Camille Fronk Olson on Improving Citizenship, Scholarship, and Teaching
  • Camile Fronk Olson
  • Camille Fronk Olson on Improving Citizenship, Scholarship, and Teaching
  • Author Camille Fronk Olson recounts Mary's story and mission to show us a w
  • By Camille Fronk OlsonFor LDS Church News

Women in the New Testament


Women have been called of God to lead his people for a long time. If you are having a hard time recalling examples, then I suggest you campaign to have better Sunday School teachers. There’s Eve (that’s a whole other blog), Esther, Mary, for whom I need not expound, Anna, who prophesied of Jesus at the temple in Jerusalem, and the list goes on. Perhaps my favorite example is Deborah, a prophetess, judge, and military advisor in Ancient Israel. “Known for her wisdom and respected as a leader, Deborah is introduced in the biblical record with no indication that the fact of a woman’s holding of such influence was inappropriate or surprising.” Camille Fronk Olson, Women of the Old Testament, pg. 107. Women are not denied title or rank because of their lack of Priesthood. This is as true in modern times as it was in Ancient Israel.

When someone says, "She is a Martha-type," we know just what that means: a woman who is practical, competent, down-to-earth. We understand that Marthas are certainly useful and necessary, but it's usually Mary that gets the halo. Author Camille Fronk Olson brings unique insights and perspectives to the biblical story of two sisters, Mary and Martha, who serve Jesus in different ways. Exploring the mixed messages in daily life, she discusses the motives and focus that determine our choices and the problem of comparing our gifts and contributions to others. In her warm, engaging style, the author brings to light the lessons Mary and Martha learn from each other and the "one thing [that]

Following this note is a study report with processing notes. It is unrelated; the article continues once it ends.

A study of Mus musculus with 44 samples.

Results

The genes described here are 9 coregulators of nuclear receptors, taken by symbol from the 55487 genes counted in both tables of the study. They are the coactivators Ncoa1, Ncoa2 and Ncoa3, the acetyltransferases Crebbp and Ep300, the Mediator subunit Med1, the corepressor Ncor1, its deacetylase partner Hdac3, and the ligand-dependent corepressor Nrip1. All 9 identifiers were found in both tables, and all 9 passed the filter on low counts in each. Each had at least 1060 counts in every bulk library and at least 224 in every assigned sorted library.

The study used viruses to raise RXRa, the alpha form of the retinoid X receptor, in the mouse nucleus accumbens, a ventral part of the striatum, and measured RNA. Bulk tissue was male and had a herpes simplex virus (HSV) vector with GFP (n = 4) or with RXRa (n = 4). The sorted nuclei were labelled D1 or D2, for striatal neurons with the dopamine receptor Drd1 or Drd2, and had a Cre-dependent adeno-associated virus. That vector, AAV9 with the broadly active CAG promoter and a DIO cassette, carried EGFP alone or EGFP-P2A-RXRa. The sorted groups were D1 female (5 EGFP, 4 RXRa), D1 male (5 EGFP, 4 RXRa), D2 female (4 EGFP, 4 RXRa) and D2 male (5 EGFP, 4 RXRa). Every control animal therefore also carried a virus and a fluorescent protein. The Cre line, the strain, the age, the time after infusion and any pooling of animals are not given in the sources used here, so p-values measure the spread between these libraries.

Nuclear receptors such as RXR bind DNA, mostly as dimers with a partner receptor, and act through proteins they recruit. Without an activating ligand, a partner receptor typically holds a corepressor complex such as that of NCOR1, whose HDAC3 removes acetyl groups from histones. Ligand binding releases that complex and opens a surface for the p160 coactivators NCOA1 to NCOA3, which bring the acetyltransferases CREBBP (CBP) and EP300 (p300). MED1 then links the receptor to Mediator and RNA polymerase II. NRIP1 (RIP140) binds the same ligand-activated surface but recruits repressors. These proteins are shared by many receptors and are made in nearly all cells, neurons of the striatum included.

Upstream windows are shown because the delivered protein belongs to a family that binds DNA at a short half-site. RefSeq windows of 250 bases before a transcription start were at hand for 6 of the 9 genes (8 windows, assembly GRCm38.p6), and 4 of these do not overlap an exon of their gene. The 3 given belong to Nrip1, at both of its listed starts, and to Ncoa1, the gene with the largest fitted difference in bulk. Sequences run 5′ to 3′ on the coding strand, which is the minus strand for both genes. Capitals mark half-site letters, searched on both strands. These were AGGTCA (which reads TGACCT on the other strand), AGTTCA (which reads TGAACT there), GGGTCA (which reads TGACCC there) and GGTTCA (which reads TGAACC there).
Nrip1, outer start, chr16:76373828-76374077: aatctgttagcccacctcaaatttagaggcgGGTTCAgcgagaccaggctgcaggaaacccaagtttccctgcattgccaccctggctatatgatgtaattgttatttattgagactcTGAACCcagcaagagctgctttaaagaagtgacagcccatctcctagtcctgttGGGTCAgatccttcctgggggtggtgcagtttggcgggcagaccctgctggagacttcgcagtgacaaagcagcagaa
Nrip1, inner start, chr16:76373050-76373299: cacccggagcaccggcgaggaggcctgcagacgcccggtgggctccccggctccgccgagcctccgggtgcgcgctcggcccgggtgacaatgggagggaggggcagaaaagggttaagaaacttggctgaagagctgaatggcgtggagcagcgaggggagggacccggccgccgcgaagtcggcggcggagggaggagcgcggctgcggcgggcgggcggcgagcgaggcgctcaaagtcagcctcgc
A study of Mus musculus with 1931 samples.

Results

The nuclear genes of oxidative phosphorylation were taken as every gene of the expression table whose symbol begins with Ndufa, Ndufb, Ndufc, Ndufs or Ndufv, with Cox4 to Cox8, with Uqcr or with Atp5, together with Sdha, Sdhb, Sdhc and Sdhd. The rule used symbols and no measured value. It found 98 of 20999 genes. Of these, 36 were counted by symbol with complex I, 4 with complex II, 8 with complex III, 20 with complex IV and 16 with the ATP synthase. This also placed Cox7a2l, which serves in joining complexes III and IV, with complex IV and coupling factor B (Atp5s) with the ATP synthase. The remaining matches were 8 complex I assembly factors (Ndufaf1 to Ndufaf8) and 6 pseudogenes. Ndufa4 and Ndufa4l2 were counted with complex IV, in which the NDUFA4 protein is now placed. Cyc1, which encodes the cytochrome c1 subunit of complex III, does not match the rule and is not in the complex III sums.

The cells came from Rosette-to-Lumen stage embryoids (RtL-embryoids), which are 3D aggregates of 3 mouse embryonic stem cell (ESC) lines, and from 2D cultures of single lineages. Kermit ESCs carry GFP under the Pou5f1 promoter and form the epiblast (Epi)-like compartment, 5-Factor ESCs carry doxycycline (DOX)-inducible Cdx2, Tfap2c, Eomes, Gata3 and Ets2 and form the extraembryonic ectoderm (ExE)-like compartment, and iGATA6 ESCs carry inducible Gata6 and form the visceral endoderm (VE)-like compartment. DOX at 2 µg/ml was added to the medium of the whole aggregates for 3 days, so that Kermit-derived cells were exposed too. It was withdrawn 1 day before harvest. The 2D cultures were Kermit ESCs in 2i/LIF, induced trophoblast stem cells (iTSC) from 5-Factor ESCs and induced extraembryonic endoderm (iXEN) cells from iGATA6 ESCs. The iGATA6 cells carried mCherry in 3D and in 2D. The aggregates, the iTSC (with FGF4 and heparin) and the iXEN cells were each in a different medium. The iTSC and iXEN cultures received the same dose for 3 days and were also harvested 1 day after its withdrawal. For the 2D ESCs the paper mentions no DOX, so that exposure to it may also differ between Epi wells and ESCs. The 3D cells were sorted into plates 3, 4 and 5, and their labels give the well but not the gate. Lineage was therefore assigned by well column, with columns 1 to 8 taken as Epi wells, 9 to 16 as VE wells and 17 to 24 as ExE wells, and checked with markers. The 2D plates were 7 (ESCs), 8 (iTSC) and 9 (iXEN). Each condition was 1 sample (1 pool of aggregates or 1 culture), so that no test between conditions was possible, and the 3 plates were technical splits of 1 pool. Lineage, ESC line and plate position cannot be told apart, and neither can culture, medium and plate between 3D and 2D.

Camille Fronk Olson has 18 books on Goodreads with 3678 ratings

Camille Fronk Olson is quickly adjusting to her new administrative responsibilities as the chair of the Department of Ancient Scripture. On the two-month mark of her appointment, we asked Sister Olson to talk about some of her goals for the department. She responded, “I inherited this office in incredibly good shape. The former department chairs, and especially my predecessor, Dennis Largey, did amazing things to put the department in a very positive, good light. I want to keep the department going in that appropriate direction.” Now that Olson has had some time to settle in, she is turning her attention to setting some goals with the desired outcome of helping the faculty continue developing in the areas of citizenship, scholarship, and teaching.